AMC to remake The Prisoner for TV

Sam Favate


Also, this would appear to be separate from the Chris Nolan-directed feature that is also said to be coming.
 

docdoowop

 

Jeff#


At least FOX's GET SMART was a sequel with Don Adams & Barbara Feldon as co-stars, so in spite of low ratings it had some dignity.

I don't like the idea of The Prisoner being remade for television either. Please say this is just an early April Fool's joke and isn't actually happening.


The feature film remake that has yet to get made might be worth the price of admission if Patrick McGoohan comes out of retirement to produce (and quite possibly direct).
 

Pete Battista



I always liked the Six Million Dollar Man and Bionic Woman... so I am a little hopeful on this one. I never seen The Prisoner to be able to compare it. I know there isn't much love for remakes in general... but I do like some remakes so I am open-minded... after all... I am one of the very few that liked the Night Stalker remake series.
 

JoshuaB.



Speaking of Night Stalker, I must actually crack open the DVD set soon--I bought it unseen, as I never got a chance to see Night Stalker during its broadcast (and it was even more short-lived than the original!).

And as for a remake of the Bionic Woman, perhaps the rights issues will become a little clearer so that DVDs can be finally released of Six Million Dollar Man and the original Bionic Woman!
 

SilverWook

There is an "authorized sequel" to the Prisoner. It's a graphic novel DC comics published in the late 80's about another secret agent type who wakes up in a now desloate ruined Village, deserted except for a familiar face who's gone up a few numbers, that would be a better idea than a remake!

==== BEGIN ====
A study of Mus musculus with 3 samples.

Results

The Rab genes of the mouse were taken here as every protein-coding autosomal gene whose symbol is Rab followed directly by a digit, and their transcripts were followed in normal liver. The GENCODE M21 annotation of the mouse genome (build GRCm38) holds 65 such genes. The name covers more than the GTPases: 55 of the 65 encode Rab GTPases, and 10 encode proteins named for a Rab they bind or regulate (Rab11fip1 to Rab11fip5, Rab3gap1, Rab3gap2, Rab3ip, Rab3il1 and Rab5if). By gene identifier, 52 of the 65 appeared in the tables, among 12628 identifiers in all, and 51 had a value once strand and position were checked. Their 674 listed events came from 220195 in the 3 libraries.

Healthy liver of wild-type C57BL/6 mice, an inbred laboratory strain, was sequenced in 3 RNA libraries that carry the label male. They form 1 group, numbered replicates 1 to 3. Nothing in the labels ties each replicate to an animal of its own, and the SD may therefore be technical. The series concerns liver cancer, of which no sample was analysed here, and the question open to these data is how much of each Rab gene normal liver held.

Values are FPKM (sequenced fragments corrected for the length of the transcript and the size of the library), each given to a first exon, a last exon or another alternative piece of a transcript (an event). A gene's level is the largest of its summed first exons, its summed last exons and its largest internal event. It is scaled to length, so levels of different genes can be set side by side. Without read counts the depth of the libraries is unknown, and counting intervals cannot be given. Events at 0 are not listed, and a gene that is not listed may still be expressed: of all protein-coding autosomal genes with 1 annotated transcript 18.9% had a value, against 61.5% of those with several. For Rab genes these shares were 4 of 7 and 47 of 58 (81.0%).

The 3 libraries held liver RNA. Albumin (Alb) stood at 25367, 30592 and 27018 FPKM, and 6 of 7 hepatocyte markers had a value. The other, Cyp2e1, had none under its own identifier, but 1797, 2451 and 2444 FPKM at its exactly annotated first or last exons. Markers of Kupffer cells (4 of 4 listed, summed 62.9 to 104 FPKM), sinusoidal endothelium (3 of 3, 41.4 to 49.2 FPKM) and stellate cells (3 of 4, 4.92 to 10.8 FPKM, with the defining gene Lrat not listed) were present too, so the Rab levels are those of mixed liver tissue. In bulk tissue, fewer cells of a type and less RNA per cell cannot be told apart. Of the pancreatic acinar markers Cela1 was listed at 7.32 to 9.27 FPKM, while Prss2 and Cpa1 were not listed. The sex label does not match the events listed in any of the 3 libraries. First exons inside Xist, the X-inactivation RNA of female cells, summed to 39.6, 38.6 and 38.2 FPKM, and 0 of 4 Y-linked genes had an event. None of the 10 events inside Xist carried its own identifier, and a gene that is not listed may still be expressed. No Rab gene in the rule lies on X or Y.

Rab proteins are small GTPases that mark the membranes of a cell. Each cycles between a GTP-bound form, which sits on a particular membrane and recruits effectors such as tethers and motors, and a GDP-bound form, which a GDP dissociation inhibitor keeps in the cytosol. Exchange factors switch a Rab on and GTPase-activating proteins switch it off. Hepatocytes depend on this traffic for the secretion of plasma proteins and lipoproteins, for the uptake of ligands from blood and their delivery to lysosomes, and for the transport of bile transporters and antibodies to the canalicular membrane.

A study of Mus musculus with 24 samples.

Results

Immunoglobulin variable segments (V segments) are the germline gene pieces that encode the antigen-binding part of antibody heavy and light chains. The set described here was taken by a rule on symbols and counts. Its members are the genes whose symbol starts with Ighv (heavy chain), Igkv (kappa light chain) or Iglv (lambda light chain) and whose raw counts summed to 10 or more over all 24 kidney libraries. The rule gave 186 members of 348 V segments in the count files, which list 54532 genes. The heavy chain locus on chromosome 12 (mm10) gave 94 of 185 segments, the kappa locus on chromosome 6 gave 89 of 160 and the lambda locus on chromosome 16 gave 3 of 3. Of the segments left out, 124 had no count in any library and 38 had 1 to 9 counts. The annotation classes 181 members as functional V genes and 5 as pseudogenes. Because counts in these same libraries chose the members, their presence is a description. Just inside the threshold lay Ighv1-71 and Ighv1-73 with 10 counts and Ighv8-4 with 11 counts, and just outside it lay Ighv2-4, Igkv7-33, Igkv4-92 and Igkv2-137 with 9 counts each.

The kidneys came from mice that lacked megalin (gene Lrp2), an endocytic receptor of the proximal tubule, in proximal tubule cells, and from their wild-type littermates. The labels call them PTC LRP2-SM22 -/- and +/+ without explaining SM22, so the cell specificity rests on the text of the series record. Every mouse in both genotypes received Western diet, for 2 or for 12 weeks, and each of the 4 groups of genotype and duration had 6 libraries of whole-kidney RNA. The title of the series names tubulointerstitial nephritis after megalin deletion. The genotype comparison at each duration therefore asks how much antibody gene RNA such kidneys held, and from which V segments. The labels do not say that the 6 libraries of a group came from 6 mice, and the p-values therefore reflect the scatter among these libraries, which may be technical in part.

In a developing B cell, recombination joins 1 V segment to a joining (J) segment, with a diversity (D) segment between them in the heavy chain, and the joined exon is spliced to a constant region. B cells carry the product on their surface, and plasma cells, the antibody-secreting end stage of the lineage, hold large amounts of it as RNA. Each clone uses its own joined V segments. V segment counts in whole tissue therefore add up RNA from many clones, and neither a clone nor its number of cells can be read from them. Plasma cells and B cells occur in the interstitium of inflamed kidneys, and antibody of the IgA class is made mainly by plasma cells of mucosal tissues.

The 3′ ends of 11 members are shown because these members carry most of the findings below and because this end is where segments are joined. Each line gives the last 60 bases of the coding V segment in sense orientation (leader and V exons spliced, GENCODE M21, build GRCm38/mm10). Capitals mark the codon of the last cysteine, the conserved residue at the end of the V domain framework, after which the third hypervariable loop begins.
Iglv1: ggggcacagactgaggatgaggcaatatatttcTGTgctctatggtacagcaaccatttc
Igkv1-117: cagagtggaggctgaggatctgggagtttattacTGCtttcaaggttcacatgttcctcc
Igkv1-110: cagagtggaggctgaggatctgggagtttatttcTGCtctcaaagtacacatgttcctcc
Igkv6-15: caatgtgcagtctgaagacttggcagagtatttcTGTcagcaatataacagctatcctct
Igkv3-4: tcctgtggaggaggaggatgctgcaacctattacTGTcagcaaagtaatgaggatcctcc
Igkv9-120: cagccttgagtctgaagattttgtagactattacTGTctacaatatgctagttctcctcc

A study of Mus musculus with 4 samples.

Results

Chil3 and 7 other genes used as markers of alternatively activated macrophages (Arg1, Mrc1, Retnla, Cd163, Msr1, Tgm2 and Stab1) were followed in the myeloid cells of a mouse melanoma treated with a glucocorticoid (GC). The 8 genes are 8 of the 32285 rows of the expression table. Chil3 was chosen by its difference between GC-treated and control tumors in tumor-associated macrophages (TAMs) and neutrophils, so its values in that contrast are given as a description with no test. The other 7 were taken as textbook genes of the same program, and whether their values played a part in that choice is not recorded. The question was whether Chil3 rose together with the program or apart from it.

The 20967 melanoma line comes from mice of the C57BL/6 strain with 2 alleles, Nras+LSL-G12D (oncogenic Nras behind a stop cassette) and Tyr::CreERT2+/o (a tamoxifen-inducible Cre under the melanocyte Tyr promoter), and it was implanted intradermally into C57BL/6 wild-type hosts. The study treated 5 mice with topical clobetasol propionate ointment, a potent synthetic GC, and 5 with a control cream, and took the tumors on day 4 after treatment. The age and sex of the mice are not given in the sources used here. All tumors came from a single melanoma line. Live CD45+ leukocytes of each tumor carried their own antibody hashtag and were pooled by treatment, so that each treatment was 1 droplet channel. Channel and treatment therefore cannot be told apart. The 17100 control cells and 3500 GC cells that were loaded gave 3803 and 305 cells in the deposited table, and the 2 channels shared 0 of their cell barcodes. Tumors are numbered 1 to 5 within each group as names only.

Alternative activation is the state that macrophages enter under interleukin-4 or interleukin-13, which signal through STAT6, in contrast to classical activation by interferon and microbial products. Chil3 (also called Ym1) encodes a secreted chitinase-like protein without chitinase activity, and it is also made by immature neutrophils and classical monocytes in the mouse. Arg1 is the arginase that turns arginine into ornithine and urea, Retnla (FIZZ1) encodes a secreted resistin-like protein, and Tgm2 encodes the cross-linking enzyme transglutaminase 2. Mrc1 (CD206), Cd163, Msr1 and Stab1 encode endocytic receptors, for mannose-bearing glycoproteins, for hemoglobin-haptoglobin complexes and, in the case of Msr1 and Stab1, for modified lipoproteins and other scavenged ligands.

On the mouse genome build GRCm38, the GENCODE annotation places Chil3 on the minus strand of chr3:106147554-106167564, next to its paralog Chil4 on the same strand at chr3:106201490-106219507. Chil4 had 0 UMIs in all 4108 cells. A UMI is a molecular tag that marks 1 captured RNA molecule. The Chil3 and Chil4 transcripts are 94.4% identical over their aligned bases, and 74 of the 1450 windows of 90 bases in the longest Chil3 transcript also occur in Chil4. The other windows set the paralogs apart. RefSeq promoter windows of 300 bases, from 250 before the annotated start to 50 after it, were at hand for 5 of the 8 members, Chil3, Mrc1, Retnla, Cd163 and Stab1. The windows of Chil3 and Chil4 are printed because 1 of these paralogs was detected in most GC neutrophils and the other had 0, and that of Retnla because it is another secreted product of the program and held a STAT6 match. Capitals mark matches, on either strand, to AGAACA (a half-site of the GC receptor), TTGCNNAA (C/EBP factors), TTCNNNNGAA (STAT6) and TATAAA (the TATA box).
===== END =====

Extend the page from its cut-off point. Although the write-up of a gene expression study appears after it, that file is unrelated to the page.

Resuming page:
Jeff#

 

Dennis Nicholls



Let's see what a "Hollywood" version of the Prisoner would entail....probably number 6 would take over the place and perform violent acts of retribution with chainsaws and machine guns.
 

Jeff#

 

JoshuaB.


Having said that, I have faith that Nolan respects the series and would make a fascinating remake. He understood the Batman mythos (moreso than Tim Burton) and respected Erik Skjoldberg's vision when remaking Insomnia, so I'm not worried.
 

Cheetah


Not only is the very existence of remakes annoying, but also the resources directed into producing them could be better spent creating themes and concepts for entirely original TV shows and movies. Therefore, for a program such as The Prisoner, not only is the public given what usually is an inferior version of something done perfectly fine already, but the potential is reduced to have something entirely new introduced that could garner widespread appeal on its own merits.
 

Jeff#


So to be fair about it, maybe a new version of The Prisoner could work if it's done right. Higher modern technology and better production values aside, it all comes down to the writing, acting, and direction. Since Number Six's name was never revealed in the original series (in "Many Happy Returns" he told Mrs. Butterworth that his name was "Peter Smith", but there's no reason to believe that), the individualistic prisoner focused on in the new show can be any person -- male or female. That former government operative wouldn't even have to have to be British. And if his / her number happens to be 6 , that's OK too because when prisoners die or escape from The Village they're replaced with other people assuming the same numbers. The stories have to be different though, and the experiments performed to get our hero to reveal why he resigned, his attempts to help other prisoners / change the system, as well as the plots in which he attempts to escape should also not remake original stories.
 

Chris Lockwood


I'd like to see what they do with it, since I tried to watch the original & was pretty bored.
 

Jeff#


We could just as easily say that SeaQuest DSV was a high-tech, co-ed reworking of Voyage to the Bottom of the Sea.
 

Tony J Case


The Prisioner remake wishes that it'll has a tenth of the sucess that Who enjoys.